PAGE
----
Fair taxation: paths to progress

World leaders say they are tackling multinational tax avoidance. If so, they must expand and deepen current reforms.

Sol Picciotto
4 November 2014

World leaders meeting at the G20 in Brisbane on 15-16 November 2014 are expected to approve initial steps toward reform of the global tax system. A tranche of proposals put forward by the Organisation for Economic Cooperation and Development (OECD) aims to ensure that multinational companies should no longer be able to reduce their tax bills by shifting profits to low-tax jurisdictions. A major step in this direction is a template for multinationals to report their economic activities and profits on a country-by-country basis. Mandatory disclosure will also include information to tax authorities about internal financial activities, including details of transfers within corporate groups - also known as transfer pricing.

The current world tax framework consists of about 3,000 treaties that have evolved over decades, based on a model drawn up in 1928. Multinationals are able to exploit this legal patchwork by identifying loopholes (or mismatches) between any two countries, enabling them to game the system. Transferring profits to a subsidiary in a low-tax or no-tax location has become a key technique, giving multinationals competitive advantages over national firms.

At the same time, economic activity in the digital economy is becoming increasingly intangible, as technology replaces the distribution of physical products with online services. This trend further extends firms’ abilities to make profits in countries without themselves having a significant physical presence, and to restructure corporate groups in ways that allow for profit shifting to jurisdictions where they will be lightly taxed. The OECD will continue to address this big agenda, and plans to submit further reports to the G20 in 2015 on tax-treaty reform and special issues relating to the digital economy.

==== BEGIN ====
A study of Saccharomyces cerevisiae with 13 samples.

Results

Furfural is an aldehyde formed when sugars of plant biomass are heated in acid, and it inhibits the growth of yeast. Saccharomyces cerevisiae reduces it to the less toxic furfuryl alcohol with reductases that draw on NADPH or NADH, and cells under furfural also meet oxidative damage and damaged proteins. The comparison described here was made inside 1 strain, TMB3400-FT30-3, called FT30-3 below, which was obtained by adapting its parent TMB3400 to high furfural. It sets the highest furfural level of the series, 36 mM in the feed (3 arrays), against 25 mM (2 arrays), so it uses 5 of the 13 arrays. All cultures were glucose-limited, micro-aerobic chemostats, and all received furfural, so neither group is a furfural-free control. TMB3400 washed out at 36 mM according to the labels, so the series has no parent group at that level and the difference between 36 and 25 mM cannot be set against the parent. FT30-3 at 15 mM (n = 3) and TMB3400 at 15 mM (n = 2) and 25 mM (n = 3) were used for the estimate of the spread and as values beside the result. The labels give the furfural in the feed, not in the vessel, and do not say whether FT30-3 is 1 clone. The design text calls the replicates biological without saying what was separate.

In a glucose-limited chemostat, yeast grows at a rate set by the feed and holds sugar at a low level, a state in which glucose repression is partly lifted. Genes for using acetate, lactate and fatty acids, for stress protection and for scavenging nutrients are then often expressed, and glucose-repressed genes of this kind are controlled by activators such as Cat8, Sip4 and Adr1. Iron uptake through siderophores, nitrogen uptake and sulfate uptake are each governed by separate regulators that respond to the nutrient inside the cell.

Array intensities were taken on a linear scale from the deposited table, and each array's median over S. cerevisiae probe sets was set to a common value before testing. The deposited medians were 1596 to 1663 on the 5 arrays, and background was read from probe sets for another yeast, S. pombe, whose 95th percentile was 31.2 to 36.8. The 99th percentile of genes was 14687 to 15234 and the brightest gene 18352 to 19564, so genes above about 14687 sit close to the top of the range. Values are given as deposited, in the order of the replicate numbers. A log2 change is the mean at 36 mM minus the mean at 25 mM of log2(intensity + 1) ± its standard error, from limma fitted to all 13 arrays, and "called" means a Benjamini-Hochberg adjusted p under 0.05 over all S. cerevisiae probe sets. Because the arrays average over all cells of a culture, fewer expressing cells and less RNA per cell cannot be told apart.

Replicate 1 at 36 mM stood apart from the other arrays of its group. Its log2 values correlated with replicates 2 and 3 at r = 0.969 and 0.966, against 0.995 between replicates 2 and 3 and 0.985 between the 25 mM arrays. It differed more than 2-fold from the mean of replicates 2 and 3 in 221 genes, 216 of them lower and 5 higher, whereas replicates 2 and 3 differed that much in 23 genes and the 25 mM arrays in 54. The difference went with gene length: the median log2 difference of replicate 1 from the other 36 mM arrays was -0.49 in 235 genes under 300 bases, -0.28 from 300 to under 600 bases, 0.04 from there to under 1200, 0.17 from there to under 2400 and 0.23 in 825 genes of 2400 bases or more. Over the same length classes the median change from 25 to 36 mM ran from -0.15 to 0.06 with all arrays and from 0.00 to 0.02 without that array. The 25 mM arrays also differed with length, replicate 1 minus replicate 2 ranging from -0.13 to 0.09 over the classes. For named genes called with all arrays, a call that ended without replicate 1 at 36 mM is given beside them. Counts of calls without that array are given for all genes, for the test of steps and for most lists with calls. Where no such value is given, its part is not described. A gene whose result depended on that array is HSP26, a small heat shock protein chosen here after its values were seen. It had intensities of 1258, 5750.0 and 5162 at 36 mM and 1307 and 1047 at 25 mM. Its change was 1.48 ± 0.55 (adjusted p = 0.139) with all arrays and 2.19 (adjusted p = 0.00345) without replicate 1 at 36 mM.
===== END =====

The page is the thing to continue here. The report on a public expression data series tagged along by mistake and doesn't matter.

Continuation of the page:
Meanwhile, in the aftermath of the global financial crisis, governments are competing hard for inward investment and new jobs. Many countries are trying to entice investors with special tax advantages, or by offering low-tax deals to stave off relocation threats. These harmful tax practices cost significant sums in lost revenue, while simultaneously creating a global race to the bottom in corporate taxation. The UK’s "patent box" - a tax incentive for companies such as large pharmaceuticals to relocate ownership of their patents to Britain, by giving them a low tax rate on income attributable to a patent - costs taxpayers an estimated £1.1 billion a year. A dozen European states now have such provisions, and Ireland and Switzerland have said they will follow. Yet opposition from Luxembourg, the Netherlands, Spain and the UK has blocked a proposal which would limit such tax breaks.

The OECD’s reforms, taken together, represent a historic and welcome step in the right direction. But they amount to running repairs at a time when the system requires a fundamental overhaul. Current proposals are further weakened by the domination of rich countries, at the expense of the world’s poor. Developing countries need a much greater say, and country-by-country reporting must eventually be made public.

Over the long term, true progress towards fair taxation depends on scrapping the treatment of national entities within each corporate group as if they were independent of each other, whereas in reality they operate as an integrated whole under central direction. The G20 asked for reforms that would ensure that multinationals would be taxed “where economic activities take place and value is created”. This requires a new principle that recognises multinationals as unitary firms, and apportions their tax base according to their presence in each country.

The G20’s decision to reform international tax rules was essentially a political move, following public outrage at the scale of multinational tax avoidance. Yet this has now become a highly technical process that makes it hard for the public to follow. Will these measures represent the first step in a longer journey towards a more coherent international tax system, or a patch-up job that will allow the world’s richest countries to proclaim support for reform, while they continue to pursue harmful tax practices like patent boxes? In any event, the fundamental challenges will remain after Brisbane: aligning taxation with economic activity and value creation, and restoring public confidence in fair taxation.